Not much is known about what causes autism spectrum disorders (ASDs), a group of developmental disorders characterized by social, communication and behavioral difficulties.
While they can't be cured, there are some treatments that may help manage the disorders. Early intervention is encouraged to obtain the best outcomes with a child’s development, and include behavioral therapy to teach a child how to talk, walk and socialize with others. Dietary methods may be employed, which involve avoiding certain foods that may cause food allergies. Medication may help mange some of the symptoms like high energy levels, tantrums, aggression and depression.
But, doctors are still searching for more ways to treat those with autism. One new trial that has shown some early success uses whipworms (Trichuris suis), a parasitic intestinal worm.
Doctors at Montefiore Medical Center in New York City gave 10 high-functioning adults with autism whipworm eggs for 12 weeks. In total, they ate about 2,500 eggs every 2 weeks. They also spent 12 weeks taking a placebo.
The doctors found their patients were less likely to engage in repetitive behaviors and found it easier to adjust to their surroundings when on the worm egg regimen.
"We found these individuals had less discomfort associated with a deviation in their expectations," Dr. Eric Hollander, director of the Autism and Obsessive Compulsive Spectrum Program at Montefiore Medical Center, told HealthDay. "They were less likely to have a temper tantrum or act out."
The researchers believe the worms help based on the theory that autism may be an autoimmune disease. That theory suggests some of these disorders happen because a person doesn’t have enough microbes or parasites earlier in their life. The worms may help the body build an immune response.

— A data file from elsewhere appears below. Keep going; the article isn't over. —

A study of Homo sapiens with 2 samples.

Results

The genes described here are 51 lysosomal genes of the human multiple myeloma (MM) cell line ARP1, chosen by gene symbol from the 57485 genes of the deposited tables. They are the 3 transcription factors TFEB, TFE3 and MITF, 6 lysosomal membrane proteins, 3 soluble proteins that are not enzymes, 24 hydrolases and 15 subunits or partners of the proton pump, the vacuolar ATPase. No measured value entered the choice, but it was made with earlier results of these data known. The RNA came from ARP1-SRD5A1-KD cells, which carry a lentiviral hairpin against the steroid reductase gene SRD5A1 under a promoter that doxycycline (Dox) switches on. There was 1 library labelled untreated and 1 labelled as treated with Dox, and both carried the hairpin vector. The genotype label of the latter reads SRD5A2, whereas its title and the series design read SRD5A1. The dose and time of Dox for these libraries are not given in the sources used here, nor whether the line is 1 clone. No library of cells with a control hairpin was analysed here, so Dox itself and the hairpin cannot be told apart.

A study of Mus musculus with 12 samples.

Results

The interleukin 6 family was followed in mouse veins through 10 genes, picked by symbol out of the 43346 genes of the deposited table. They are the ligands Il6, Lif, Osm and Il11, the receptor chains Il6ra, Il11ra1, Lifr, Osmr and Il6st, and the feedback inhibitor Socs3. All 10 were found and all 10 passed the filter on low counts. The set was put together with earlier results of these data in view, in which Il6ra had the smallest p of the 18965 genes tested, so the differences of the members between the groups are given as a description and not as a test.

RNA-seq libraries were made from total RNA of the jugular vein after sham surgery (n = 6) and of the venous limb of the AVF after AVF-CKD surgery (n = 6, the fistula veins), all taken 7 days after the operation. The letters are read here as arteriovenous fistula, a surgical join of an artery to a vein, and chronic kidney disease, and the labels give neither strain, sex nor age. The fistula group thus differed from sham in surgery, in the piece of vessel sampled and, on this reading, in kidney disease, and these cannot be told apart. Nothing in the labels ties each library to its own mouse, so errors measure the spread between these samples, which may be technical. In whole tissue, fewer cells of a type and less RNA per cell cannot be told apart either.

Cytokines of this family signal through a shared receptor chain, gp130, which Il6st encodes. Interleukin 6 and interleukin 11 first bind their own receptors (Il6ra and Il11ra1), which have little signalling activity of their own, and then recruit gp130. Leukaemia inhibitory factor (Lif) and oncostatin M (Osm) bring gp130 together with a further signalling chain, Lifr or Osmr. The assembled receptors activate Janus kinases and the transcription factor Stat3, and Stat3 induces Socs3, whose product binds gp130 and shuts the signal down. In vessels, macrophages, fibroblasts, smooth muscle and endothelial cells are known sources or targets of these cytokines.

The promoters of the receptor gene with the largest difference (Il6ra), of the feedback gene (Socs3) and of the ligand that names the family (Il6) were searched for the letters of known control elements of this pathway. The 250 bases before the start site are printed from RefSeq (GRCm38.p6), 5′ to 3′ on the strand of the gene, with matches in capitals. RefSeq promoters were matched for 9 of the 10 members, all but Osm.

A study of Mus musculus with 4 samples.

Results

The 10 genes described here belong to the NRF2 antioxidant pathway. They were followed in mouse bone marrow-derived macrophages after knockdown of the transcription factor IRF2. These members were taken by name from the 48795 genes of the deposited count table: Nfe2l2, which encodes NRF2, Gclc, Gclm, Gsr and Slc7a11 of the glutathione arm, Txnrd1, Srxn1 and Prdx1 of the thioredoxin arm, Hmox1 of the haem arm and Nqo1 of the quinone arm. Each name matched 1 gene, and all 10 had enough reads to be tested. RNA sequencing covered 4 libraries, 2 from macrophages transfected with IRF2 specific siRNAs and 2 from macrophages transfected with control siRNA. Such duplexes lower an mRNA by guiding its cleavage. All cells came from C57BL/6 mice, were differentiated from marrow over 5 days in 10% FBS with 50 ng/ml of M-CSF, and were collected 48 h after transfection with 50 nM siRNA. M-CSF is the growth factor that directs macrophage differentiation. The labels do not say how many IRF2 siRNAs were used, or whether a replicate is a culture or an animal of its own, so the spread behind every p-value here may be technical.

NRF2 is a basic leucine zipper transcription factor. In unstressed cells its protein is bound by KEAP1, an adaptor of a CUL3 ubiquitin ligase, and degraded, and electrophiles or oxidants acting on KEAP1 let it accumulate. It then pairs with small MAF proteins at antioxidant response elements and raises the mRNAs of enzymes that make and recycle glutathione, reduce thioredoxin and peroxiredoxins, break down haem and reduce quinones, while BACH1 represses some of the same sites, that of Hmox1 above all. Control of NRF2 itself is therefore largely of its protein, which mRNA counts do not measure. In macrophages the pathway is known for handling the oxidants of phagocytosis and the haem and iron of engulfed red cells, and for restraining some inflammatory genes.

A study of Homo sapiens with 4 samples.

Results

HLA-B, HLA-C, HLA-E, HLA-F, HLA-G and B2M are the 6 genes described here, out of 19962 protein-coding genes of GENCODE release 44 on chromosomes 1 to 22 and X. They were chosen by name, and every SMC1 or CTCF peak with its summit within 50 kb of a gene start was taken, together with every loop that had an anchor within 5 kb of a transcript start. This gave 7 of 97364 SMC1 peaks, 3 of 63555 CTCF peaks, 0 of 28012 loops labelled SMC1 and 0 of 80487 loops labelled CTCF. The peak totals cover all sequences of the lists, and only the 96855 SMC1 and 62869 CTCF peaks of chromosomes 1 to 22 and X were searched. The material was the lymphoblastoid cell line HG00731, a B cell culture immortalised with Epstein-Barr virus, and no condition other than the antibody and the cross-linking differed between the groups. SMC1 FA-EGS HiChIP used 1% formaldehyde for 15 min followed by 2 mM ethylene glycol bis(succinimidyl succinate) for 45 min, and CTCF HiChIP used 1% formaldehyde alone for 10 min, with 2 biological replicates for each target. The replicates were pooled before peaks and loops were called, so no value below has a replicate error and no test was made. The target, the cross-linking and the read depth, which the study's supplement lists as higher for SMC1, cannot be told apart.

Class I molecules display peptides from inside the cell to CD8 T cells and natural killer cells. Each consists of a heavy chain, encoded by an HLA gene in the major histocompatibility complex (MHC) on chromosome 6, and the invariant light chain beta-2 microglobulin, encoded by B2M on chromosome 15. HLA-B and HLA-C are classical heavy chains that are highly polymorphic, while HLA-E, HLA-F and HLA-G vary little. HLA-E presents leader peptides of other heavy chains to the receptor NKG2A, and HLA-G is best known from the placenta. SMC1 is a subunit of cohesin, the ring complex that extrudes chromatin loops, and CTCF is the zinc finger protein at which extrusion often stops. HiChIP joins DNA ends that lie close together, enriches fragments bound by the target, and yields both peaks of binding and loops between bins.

Whipworms have been deemed safe for human consumption, Hollander noted. The gut naturally gets rid of the whipworms every two weeks.
"The whipworm doesn't reproduce in the gut, and it doesn't penetrate the intestines, so it doesn't cause illness in humans," he explained.
The U.S. government estimates that one out of every 50 U.S. schoolchildren may have a form of autism, or about 1 million children. It affects children of every race, ethnic and socioeconomic background, and fives times as many boys as girls. However, minority children tend to be diagnosed 2.5 years later than white children, and a study suggested doctors diagnose autism in Hispanic children at much lower rates than other ethnicities.
Researchers believe the genetic risk factors, as well as taking the prescription drugs valproic acid and thalidomide, may increase the chance of developing the disorders.
study from Montefiore that also looked at immune response and autism tried to mimic fevers by placing 15 children in a hot 102 degree F bath or a 98 degree F bath. Previous studies
have shown that about 33 percent of kids with autism show improvements in their
behavior after they had a fever.
Indeed, the kids had better social scores after the hotter bath treatment.
The hot baths may help trigger an immune response and help lower the child's inflammation levels.
Elaine Hsiao, a postdoctoral fellow in chemistry at Caltech in Pasedena, Calif. who was not involved in the research, told LiveScience the study "lends support for immune-based therapies for ASD."
The data was presented at the American College of Neuropsychopharmacology meeting in Hollywood, Fla. on Dec. 11 and is considered preliminary since it has not been published in a peer-reviewed journal.
Hollander said he has plans to continue research on the whipworm method, especially with younger patients and lower-functioning adults with autism.
"I think it's still a ways away before we know whether these treatments are going to be effective," Rob Ring, chief science officer of Autism Speaks, said to HealthDay. "But these findings are helping put us on a road to better understand these effects."